An obesity pill that contains a balloon designed to swell up in the stomach could help patients lose up to two stone in only a few months, research presented at an obesity conference suggests
Researchers presented their findings to delegates at the European Congress on Obesity in Porto, Portugal, on 17–20 May 2017. They explained how the Elipse balloon, by Allurion Technologies, was tested in 42 adults who reported average losses of two stone and six pounds after four months, which was more than 14% of their total body weight.
The pill is swallowed while attached to a catheter and once in place water is used to expand the balloon into the stomach before the catheter is removed.
After some months in place, a release valve is designed to let the water out and the body passes the deflated balloon.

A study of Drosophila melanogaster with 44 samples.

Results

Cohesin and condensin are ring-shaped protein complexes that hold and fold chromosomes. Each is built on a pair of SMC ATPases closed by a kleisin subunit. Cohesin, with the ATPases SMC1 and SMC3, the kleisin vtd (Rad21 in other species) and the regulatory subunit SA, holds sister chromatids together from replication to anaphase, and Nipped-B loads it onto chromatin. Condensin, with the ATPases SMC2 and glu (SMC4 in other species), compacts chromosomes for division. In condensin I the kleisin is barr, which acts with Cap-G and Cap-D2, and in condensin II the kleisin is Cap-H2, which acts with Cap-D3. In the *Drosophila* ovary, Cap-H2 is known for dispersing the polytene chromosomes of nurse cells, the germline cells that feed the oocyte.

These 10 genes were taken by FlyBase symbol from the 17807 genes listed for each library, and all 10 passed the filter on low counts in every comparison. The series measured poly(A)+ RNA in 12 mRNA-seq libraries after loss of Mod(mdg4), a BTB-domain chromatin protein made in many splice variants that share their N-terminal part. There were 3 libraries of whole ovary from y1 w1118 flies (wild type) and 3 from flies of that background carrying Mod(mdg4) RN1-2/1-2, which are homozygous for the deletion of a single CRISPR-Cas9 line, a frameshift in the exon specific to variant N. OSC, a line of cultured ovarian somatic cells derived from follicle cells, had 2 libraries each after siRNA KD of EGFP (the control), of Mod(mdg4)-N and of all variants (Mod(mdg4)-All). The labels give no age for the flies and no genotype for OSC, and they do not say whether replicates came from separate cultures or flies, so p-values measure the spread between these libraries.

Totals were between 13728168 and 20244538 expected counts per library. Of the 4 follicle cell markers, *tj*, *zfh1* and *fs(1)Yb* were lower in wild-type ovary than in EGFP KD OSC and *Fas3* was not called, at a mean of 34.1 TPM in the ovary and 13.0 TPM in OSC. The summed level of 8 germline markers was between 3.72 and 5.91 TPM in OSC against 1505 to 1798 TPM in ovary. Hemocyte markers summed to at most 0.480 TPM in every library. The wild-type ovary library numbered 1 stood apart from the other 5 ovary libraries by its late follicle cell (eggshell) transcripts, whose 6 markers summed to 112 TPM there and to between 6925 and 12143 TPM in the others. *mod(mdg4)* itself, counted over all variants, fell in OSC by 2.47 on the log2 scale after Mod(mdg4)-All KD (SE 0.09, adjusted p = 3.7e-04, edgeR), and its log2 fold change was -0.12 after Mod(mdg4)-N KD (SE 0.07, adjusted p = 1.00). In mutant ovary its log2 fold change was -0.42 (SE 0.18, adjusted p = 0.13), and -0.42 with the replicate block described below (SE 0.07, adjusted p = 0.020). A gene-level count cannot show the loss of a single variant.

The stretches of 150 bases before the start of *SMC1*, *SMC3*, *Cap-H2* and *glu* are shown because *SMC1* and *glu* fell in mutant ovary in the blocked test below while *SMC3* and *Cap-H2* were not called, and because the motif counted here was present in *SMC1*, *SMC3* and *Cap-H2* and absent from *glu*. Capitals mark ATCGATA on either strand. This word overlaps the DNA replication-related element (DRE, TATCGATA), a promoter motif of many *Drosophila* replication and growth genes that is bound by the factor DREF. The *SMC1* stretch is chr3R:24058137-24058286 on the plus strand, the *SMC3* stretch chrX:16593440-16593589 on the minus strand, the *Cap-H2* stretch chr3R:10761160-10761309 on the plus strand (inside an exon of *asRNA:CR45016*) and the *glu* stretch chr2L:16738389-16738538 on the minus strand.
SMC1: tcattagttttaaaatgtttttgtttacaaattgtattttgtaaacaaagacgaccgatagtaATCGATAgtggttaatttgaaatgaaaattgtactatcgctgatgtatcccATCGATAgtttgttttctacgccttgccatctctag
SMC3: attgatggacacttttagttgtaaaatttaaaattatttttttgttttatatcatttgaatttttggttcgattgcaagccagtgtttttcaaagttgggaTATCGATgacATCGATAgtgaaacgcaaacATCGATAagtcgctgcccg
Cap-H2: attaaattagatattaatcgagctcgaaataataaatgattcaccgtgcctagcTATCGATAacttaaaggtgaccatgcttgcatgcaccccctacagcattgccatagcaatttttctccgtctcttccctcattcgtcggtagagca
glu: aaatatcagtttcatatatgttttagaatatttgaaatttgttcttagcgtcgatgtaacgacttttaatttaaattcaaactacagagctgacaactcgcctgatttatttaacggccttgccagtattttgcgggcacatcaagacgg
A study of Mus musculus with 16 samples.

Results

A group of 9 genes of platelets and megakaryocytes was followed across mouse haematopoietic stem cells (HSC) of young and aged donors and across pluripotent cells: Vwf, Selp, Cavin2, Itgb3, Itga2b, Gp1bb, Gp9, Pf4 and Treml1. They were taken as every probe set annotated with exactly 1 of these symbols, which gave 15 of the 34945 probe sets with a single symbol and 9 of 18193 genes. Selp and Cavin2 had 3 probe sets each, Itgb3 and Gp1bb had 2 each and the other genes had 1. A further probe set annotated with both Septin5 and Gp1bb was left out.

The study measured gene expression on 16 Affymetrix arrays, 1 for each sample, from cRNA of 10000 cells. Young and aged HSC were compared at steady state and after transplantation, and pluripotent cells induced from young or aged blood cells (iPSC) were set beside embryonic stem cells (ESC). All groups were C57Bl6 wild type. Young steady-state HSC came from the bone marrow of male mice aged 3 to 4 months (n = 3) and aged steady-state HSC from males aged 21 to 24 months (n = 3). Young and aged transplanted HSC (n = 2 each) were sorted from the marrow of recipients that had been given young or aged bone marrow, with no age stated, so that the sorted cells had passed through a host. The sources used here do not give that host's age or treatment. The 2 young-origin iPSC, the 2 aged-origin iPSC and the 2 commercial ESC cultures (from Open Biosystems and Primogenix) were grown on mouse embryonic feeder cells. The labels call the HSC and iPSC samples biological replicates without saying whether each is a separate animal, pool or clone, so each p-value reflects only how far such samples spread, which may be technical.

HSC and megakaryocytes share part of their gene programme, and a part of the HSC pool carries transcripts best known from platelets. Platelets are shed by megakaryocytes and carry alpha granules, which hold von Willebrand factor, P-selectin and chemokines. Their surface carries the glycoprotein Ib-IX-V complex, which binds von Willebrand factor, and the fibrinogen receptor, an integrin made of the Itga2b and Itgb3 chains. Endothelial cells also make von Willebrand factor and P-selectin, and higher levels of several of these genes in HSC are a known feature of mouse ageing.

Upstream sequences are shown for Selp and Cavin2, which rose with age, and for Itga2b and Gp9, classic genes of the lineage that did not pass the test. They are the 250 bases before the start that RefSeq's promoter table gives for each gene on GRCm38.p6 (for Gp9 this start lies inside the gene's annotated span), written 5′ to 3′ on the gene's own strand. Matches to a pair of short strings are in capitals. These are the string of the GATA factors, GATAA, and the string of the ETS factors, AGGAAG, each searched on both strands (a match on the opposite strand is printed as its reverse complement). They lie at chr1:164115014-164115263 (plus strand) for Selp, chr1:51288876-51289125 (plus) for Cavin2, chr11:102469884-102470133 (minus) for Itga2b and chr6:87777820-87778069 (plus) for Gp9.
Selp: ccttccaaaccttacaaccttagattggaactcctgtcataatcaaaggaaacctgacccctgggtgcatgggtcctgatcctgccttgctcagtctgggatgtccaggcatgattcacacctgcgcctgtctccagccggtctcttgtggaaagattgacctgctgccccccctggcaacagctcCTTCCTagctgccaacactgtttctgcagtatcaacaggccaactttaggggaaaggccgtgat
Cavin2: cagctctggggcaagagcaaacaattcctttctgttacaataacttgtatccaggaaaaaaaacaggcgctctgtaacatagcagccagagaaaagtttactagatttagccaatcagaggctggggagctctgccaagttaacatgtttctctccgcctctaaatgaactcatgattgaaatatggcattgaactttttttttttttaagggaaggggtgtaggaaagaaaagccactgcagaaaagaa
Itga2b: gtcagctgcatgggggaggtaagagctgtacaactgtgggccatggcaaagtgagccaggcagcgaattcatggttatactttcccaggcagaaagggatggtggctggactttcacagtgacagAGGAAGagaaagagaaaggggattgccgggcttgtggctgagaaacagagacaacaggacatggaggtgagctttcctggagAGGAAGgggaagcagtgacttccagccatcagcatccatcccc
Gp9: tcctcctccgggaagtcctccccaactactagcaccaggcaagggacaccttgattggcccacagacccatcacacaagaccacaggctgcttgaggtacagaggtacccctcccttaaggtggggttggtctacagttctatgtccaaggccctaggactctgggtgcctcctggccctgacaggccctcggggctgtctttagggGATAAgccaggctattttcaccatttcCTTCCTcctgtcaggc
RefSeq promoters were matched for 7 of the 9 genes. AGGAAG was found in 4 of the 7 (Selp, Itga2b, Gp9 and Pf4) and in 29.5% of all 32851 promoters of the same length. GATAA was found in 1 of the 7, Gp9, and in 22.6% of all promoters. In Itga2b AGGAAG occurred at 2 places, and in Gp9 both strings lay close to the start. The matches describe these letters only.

It is hoped the treatment, which received European marketing approval in December 2015, but is not yet available on the NHS, could provide obese patients with an alterative to bariatric surgery and, unlike other gastric balloons, does not require endoscopy.
Roberta Ienca from the Sapienza University of Rome, who presented the study, says: “Because the Elipse Balloon does not require endoscopy, surgery or anaesthesia, this may make it suitable for a larger population of obese patients not responding to diet and lifestyle treatment.”
The research team also reported that patients in the study, who were also encouraged to make diet and lifestyle changes, showed significant improvement in health indicators such as blood pressure, cholesterol levels, and blood sugar control.
 Ienca R, Ernesti I & Francomano D. A new swallowable intragastric balloon for weight loss not needing endoscopy: early experience in combination with a VLCKD. Presented at European Congress on Obesity, Porto, Portugal, May 17–20 2017.